The Leadership Insider network is an online community where the most thoughtful and influential people in business contribute answers to timely questions about careers and leadership. Today’s answer to the question “How do you keep your best employees?” is by Spencer Rascoff, CEO of Zillow Group.
We have a lot of perks at Zillow Group. A few weeks ago I ran a Tough Mudder with nearly 150 employees in Seattle (the company paid for everyone to participate), and over the next few weeks employees from almost all of our offices will have a chance to participate. We also have free snacks and drinks, a very sought-after frozen yogurt machine in our Seattle headquarters, frequent speakers from outside the company, and a host of fun parties and events. These types of perks (especially the snacks) aren’t necessarily unheard of, especially in Silicon Valley, where recruiting and retaining engineers is a constant battle.
But here we diverge. From concierge service at Google (GOOG) to medical clinics at Cisco (CSCO) and Yahoo (YHOO), to the high-profile egg freezing benefit at Facebook , “perk wars” have taken on a life of their own as companies vie for employees. And it’s not just in Silicon Valley anymore, as competition for a talented workforce heats up in many markets across the country. But Zillow Group doesn’t have any of these. While many of these perks definitely make life easier for employees, and sometimes are a lot of fun, the question remains: Are they really the best way to attract and retain the best employees? What does it signal to potential employees about work-life balance at a company?
Perks should be an authentic representation of a company’s culture. As a CEO, I know that these perks aren’t chosen at random. They are a way to attract employees, but they also say a lot about a company’s values. Take, for example, the rise in popularity of nap pods or free dry cleaning. What do such perks signal? Likely, that employees are expected to work very long hours and not leave the office too often. Don’t get me wrong. Many people thrive in environments where work is life (I did it myself when I worked at my first startup). And I truly believe in creating a fun, collaborative and open workspace. At Zillow Group, we work incredibly hard, but we also believe in balance, so our perks reflect that.
For example, wellness and vitality is a core part of our culture and a personal focus for many of our employees and we reflect that with a variety of benefits including fully paid health insurance, gym reimbursement and Fitbits for all employees. We’ve also brought these perks into the office with stand-up and treadmill desks, yoga classes during work hours and Mind Body & Spirit days.
Our product development culture emphasizes autonomy and innovation, so we have frequent “HackWeeks” and “Innovation Weeks” during which employees are free to experiment with new product ideas. Part of retaining our talented employees also depends on supporting their families, so we offer adoption assistance and benefits for parents when they return from parental leave. These and our other benefits reflect our culture, encourage work-life balance, and help us retain great employees so they aren’t easily tempted to leave for another company’s hot new perks.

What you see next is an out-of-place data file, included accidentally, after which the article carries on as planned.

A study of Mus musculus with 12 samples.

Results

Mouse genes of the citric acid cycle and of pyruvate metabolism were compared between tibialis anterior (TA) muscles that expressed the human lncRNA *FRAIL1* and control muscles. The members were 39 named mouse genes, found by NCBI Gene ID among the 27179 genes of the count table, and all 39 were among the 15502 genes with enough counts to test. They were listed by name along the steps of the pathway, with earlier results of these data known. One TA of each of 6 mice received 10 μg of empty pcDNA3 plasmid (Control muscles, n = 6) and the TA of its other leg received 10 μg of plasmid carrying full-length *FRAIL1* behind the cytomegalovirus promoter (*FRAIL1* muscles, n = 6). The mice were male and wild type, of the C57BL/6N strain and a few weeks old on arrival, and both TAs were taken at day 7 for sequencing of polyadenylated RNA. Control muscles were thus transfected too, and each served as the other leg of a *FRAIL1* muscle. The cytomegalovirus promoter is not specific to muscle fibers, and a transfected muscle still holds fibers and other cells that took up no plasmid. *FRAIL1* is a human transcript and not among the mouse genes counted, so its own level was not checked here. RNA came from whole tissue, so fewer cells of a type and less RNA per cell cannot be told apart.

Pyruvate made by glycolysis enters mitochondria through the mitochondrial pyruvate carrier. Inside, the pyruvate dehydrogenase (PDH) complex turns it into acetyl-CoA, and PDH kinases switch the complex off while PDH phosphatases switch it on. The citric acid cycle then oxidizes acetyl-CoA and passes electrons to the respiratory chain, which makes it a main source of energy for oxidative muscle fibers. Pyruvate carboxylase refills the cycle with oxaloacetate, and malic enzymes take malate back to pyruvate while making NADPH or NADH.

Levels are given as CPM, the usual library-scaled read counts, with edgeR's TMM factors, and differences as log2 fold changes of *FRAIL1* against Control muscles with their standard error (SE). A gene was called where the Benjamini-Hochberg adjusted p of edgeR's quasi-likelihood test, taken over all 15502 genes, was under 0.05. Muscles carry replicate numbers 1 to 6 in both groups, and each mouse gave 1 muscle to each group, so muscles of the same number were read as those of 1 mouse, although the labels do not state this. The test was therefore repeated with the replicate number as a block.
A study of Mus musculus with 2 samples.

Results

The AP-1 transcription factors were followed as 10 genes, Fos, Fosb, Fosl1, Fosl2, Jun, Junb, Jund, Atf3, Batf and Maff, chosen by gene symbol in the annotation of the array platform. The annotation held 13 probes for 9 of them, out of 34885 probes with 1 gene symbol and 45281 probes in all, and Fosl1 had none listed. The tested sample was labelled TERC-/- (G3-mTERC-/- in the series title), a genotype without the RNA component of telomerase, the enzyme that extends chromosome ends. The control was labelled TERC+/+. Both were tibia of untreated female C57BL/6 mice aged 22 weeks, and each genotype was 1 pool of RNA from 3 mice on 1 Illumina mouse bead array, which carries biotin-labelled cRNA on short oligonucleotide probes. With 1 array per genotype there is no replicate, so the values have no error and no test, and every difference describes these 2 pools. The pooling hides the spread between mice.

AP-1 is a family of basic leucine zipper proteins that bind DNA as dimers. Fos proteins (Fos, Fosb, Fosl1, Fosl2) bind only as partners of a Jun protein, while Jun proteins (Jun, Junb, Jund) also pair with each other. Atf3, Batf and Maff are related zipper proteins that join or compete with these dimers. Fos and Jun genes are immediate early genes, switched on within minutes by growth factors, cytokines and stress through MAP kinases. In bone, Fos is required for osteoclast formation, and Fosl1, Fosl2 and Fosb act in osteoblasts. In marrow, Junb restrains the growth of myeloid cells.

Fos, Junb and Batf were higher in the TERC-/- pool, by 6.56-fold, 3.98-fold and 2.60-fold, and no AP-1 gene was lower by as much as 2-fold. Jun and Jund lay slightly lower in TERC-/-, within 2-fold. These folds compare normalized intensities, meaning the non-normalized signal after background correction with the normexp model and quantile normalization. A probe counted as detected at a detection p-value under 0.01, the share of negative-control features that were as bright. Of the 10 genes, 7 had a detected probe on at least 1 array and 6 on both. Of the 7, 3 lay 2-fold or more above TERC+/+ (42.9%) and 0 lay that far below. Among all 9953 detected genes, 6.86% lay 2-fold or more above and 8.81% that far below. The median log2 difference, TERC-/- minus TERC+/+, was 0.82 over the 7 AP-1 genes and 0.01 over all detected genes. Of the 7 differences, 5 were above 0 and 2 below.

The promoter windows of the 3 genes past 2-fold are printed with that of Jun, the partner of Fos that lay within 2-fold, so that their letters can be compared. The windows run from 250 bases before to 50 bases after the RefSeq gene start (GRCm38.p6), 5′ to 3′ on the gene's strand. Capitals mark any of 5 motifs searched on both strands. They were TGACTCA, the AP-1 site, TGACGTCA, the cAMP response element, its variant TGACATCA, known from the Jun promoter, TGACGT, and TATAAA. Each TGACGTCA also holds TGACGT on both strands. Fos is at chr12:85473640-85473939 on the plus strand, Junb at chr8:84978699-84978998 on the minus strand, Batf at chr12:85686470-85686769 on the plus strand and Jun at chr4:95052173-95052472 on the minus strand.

It’s important that job seekers understand and are able to decode the benefits being offered as an indicator of the company’s culture. Candidates today want to understand the entirety of their role and how they will fit in to an organization. To employees scouring the perk landscape — think about what the company is offering. Look deeply at the benefits. Are these perks designed to make your work lives better — or to tether you to the company 24/7?
People love to talk about perks, but what really attracts the best people is the company’s core values: what is the long-term mission of the organization? What does success/innovation look like and how do employees play a part in making it a reality? By offering employees the right perks, companies can increase their worker’s productivity and, ultimately, win the war for talent.
Read all answers to the Leadership Insider question: How do you keep your best employees?
How naysayers could boost your business by Peter Vanderheyden, president of Article One Partners.
What every employee can teach their boss by Carmencita Bua, COO of Continuum.
The secret to keeping your best employees by John Ambrose, senior vice president of strategy and corporate development at Skillsoft.
5 things ‘Office Space’ can teach you about employee retention by Steve Sims, chief digital officer at Badgeville.
Free food is a poor excuse for company culture by Ryan Smith, CEO and founder of Qualtrics.
What Steve Jobs taught executives about hiring by Shahrzad Rafati, founder and CEO of BroadbandTV.
How this ex-Apple executive keeps his employees happy by Bob Borchers, senior vice president and CMO at Dolby Laboratories.
9 ways to recruit extraordinary employees by Spencer Rascoff, CEO of Zillow Group.
Why this CEO encourages failure in the workplace by Amy Errett, CEO and co-founder of Madison Reed.
Sarah Kauss: Why a pay bump isn’t the answer to employee happiness by Sarah Kauss, CEO and founder of S’well.
The one perk that will guarantee employee happiness by Ryan Harwood, CEO of PureWow.
The secret to holding on to your best employees by Amit Srivastav, president of Infinite.
3 ways to prevent your employees from quitting by Niraj Shah, CEO of Wayfair.